I learned that Krishna loves hiking and its unexpected adventures. We also discussed gardening and found yet another common thread – as children, we both were given the gift of getting dirt under our fingernails by working in the garden – Krishna with his father and me with my Godfather. Though years have passed since our childhood days, we both agreed that working in the garden provides tranquility and a sense of accomplishment that continues to feed our passion.
I came away from that meeting with the realization that teaching a child to place a seed in the soil is a treasure they will carry throughout life. A child will recognize a garden as a place to “get grounded” when life otherwise becomes complicated. They learn the magic of watching seeds sprout into vegetables or beautiful flowers. Gardening also teaches them to have patience, to wait for that miracle to develop. The period from seed to sprout is a precious time when spent with loved ones as the garden is tended, watered and cultivated. A child will grow to understand that the land can sustain them if they learn to foster a healthy environment. In my opinion, the rewards of teaching a child about gardening are worth more than the greatest of riches.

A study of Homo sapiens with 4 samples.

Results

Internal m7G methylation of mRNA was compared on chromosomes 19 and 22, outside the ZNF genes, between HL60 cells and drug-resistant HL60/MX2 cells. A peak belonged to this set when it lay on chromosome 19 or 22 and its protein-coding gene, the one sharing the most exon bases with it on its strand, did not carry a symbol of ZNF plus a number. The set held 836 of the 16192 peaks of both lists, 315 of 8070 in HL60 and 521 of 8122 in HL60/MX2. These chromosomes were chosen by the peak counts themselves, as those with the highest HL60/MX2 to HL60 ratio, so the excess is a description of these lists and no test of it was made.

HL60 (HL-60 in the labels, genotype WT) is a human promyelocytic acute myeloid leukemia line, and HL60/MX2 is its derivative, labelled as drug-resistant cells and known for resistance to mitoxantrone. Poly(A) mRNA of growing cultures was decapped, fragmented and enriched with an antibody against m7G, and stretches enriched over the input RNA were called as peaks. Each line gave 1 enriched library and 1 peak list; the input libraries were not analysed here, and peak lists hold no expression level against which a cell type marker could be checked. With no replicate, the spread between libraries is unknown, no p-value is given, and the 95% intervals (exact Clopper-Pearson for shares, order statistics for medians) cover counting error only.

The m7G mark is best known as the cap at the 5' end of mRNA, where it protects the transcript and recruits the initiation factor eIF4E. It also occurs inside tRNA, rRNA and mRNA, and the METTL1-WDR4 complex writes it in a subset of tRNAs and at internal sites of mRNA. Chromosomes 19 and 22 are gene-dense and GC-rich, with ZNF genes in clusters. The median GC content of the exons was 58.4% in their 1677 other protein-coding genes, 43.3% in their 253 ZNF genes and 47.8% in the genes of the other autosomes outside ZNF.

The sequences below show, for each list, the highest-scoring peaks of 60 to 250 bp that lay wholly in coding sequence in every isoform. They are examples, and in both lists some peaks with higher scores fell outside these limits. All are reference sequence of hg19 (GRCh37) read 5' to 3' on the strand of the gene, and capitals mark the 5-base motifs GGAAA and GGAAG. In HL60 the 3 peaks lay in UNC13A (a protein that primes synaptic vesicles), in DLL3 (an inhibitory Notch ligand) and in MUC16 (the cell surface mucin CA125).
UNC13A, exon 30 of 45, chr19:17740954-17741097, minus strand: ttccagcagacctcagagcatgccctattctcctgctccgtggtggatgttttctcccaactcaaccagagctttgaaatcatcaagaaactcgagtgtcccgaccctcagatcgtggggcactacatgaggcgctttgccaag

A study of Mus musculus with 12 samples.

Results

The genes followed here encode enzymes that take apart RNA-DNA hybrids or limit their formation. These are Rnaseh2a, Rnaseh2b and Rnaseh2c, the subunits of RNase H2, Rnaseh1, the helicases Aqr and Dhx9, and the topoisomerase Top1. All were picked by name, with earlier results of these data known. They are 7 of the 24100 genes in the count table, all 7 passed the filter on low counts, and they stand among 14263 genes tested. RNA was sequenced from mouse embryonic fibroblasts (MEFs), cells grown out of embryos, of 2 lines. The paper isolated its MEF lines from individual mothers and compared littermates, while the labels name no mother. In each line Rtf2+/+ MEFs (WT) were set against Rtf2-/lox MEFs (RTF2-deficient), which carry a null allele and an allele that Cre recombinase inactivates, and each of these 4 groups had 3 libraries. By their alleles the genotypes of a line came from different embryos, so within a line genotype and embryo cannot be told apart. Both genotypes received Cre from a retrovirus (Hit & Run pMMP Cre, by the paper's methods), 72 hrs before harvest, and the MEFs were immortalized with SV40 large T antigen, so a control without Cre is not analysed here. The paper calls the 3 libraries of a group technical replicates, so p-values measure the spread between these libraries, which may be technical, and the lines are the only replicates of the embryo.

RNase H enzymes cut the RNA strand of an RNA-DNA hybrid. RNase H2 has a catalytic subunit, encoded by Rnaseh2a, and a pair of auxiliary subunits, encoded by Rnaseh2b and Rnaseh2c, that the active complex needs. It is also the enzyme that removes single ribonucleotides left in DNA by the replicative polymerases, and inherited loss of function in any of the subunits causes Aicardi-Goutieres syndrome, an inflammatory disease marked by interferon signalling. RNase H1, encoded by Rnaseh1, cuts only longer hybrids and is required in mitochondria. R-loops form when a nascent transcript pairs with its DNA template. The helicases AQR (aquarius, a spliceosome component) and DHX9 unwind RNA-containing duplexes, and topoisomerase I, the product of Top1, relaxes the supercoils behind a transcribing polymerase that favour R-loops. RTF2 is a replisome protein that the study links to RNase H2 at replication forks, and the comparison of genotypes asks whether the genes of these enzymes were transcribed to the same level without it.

I spoke to my son last night about the value of teaching children to garden since he fathered six of the nine beautiful grandchildren in my life. I didn’t want them to grow up without experiencing this treasure. He informed me that while he appreciates a beautiful garden and loves to be surrounded by nature, it is not his passion to create or tend a garden. After much thought, I realized that we did not share the same experience. His chores fell to the grueling jobs of weeding the garden and carrying the “compostables” to the far reaches of the property. Due to the lifestyle we lived when he and his sister were children, they missed the thrill of toddling out into the garden with a loved adult and being shown how far down to push the seeds on the tips of their tiny fingers and to water and nurture the soil. This ritual that I treasure was missing in their lives. Our conversation made me realize I failed to share that gift with them!
After talking with Krishna and then with my son, I now wonder if the passion develops from the act of gardening when we were little, or from the person we were with at the time. May I offer a suggestion? If you have any little children in your life, take the time to show them the long-lived treasure that comes with gardening. I guarantee, you will be planting a deep-“seeded” memory.